Coach DeRossi, Corsairs Moving Forward

“Winning and losing can ultimately come down to a player’s passion. Their passion for the game… Their passion for the team… Their passion for the competition.”


The quote above, by Penn State Women’s Volleyball head coach Russ Rose, looms on the wall in the office of Steven DeRossi, the head coach of the University of Massachusetts Dartmouth volleyball team.

It is clear that Coach DeRossi has had the passion for volleyball early on in his life, even if that passion for the game may have emerged through pure circumstance.

In the fall of 1987 his son was interested in joining the startup of the volleyball program in his senior year at New Bedford High School. The only problem was that the team had no coach.

Back in his office, Coach DeRossi adjusts his round glasses and jolts up in his chair as he recalls the moment he devoted himself to the game of volleyball, “It was a Friday afternoon and there was a two p.m. deadline… By the time it was four I was the only applicant! So I got the job and I spent all summer long learning about the game.”

Good thing no one else applied, because he would go on to coach the New Bedford High School team for 24 years.

If you really think about it, volleyball chose Coach DeRossi. It is only natural that DeRossi says he fell in love while teaching the game instead of playing it, as he was also a principal at a middle school in New Bedford for 14 years, where he mentored students who didn’t know a thing about the game, and wound up winning eight state championships.

When asked what makes the game so great to him, Coach DeRossi lights up, “Volleyball is all about timing; people don’t appreciate how much it takes from a mental and physical standpoint. It’s probably the most ‘team’ game; the area of play is the most congested of any sport in the world, and everything depends on the rickashays of other players. As far as I’m concerned it’s the most exciting sport.”

And because of Coach DeRossi and the women’s volleyball team, UMass Dartmouth has a lot to be excited about.

At the time of the interview the team was undefeated. However on September 22nd the Corsairs suffered their first lost at the hands of Plymouth State. That day they played twice, rebounding from the earlier defeat to beat Maine-Framingham.

Still, at 17-4 now, they have already surpassed their total amount of victories from last year’s disappointing 14-17 record. Due to this early success there’s a lot to look forward to, especially for the lone senior on the team, Sociology major Jessica Goncalves.

Goncalves has been on the team all four years of her undergraduate career, while simultaneously becoming a certified coach herself, teaching high school players. She is an extension of Coach DeRossi on the court, as each play literally starts with her set.

Naturally, she welcomes the added weight of her role “I love the pressure,” she replies with a laid back smile “ It drives me.” Full of personality she practically hugs herself when she confesses that leaving UMass Dartmouth with a championship to accompany her diploma would be “the greatest feeling in the world” but she knows it will take hard work, and major improvements from previous seasons.

 Goncalves explains last year’s record by admitting the team became too complacent, and lost some if it’s competitive edge. But not this year, she assures, “With this young team, there’s a lot more energy and enthusiasm. Everybody here is eager to learn and get better… With my team’s mentality anything is possible.”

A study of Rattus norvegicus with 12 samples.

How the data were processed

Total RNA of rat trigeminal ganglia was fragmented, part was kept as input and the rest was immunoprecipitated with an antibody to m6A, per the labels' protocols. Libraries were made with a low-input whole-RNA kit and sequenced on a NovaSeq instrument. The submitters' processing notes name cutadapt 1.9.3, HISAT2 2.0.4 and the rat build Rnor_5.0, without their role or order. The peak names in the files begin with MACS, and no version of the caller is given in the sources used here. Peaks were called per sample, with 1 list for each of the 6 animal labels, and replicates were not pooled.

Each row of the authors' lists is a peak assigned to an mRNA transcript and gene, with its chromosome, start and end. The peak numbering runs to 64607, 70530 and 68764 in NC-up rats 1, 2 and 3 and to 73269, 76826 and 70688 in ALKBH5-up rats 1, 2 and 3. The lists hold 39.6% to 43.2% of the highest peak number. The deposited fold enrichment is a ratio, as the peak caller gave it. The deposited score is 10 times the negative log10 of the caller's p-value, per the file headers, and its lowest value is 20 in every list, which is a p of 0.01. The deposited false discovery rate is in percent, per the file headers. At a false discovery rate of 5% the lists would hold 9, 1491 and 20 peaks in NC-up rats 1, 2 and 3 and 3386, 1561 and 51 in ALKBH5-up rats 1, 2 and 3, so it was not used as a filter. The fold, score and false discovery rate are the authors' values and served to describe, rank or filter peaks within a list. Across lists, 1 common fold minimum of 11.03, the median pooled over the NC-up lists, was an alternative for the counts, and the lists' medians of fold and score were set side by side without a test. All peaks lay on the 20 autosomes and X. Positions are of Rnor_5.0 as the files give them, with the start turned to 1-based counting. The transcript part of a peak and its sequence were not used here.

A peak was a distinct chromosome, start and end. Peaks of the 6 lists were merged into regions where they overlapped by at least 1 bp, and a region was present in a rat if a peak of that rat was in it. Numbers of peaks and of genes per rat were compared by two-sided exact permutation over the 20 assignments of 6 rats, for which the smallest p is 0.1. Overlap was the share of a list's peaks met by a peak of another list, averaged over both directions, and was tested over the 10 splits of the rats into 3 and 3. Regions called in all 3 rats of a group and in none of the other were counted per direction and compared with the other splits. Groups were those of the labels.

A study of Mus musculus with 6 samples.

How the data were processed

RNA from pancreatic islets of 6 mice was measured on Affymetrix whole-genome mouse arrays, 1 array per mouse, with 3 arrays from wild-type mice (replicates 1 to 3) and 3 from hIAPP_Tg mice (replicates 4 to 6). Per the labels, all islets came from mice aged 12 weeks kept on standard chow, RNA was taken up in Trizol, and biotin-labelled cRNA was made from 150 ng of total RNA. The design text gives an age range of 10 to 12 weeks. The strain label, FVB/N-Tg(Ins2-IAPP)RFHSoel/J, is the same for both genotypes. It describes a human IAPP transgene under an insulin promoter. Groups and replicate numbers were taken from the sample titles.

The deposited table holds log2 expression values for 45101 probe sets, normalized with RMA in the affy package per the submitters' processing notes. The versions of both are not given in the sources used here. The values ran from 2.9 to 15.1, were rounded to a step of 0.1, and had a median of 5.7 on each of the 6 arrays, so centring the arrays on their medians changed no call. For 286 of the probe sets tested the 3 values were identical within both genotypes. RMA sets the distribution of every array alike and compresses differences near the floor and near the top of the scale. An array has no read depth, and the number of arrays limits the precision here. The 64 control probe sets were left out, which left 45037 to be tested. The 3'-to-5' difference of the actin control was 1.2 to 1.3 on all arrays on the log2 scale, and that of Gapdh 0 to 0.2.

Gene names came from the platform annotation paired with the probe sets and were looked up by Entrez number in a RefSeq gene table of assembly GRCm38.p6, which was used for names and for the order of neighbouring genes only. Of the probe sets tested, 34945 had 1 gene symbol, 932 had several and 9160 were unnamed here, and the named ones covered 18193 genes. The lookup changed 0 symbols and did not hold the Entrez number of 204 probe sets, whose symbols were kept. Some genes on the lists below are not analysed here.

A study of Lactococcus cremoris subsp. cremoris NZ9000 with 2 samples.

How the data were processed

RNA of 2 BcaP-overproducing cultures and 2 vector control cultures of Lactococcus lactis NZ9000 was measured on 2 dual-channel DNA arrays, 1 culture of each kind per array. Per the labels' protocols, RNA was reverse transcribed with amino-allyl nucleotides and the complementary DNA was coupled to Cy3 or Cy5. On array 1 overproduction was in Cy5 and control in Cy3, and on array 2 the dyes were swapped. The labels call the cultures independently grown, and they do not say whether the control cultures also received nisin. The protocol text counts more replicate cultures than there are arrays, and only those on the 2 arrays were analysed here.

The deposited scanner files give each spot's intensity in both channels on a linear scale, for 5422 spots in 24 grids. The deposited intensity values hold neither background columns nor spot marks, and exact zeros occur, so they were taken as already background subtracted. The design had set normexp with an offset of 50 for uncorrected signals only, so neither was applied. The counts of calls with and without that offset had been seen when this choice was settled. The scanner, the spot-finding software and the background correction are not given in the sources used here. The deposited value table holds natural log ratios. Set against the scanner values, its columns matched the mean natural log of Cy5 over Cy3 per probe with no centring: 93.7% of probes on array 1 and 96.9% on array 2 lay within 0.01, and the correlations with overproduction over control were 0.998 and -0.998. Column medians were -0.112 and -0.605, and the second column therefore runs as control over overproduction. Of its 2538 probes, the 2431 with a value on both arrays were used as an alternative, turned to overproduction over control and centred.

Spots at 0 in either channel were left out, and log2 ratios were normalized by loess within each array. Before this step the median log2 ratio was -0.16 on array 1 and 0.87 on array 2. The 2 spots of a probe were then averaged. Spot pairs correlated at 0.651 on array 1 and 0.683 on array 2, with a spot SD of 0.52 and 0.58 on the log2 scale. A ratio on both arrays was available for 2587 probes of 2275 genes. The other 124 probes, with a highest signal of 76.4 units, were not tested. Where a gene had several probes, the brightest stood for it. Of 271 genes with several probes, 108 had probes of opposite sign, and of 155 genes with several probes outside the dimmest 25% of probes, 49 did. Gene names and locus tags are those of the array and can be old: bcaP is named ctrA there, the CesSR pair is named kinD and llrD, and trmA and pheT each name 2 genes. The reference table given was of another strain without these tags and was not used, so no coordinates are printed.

And with the abundance of youth on this year’s roster Goncalves drives her squad, utilizing her coaching skills to help her talented, but less experienced teammates adjust to the faster paced college game.

And it does take time to adjust. Biology major Stephanie Antoine admits, “The game is a lot faster, people [in college] have more talent then they did when I played in high school.” But just like Goncalves, Antoine boasts about the team-camaraderie and is confidant in her team’s chances, “I love the energy and the chemistry of the team, we all get along.”

Chemistry and continuity is a crucial factor in the team’s success so far, as last year was plagued with nagging injuries. Junior finance major and frontline player Tahirah Gibson can probably attest to the team’s struggles to maintain healthy in past years more than anyone else, as she was forced to sit out most of her freshman year with a dislocated knee, and much of last year do to a concussion.

Although understandably frustrated with injury-bugged seasons of years past, Gibson is approaching this season keeping the team first, “I feel like we’re more competitive… And we all feel like we have something to prove, so we want to step it up” she proclaims with clear determination in her hazel eyes.

Of course, at the time the giant elephant in the room was the undefeated record, and the talks of possibly going undefeated. Not surprisingly, Coach DeRossi tried to downplay all of this, “In this day and age everybody copies Bill Belichick’s ‘one game at a time’ approach” he acknowledged, and that’s probably the smart thing to do, given the fact that this year’s team includes nine freshmen.

Regardless of the fact that an undefeated season is now no longer a possibility, expectations have increased because of the 12-0 start, but Coach DeRossi knows his team will keep a level head if they stay focused; “The hardest [game] is the next one… We are still maturing. We don’t have to climb steeply, but we need to keep climbing in the right direction.”

Coach DeRossi and his Corsairs definitely aren’t looking down.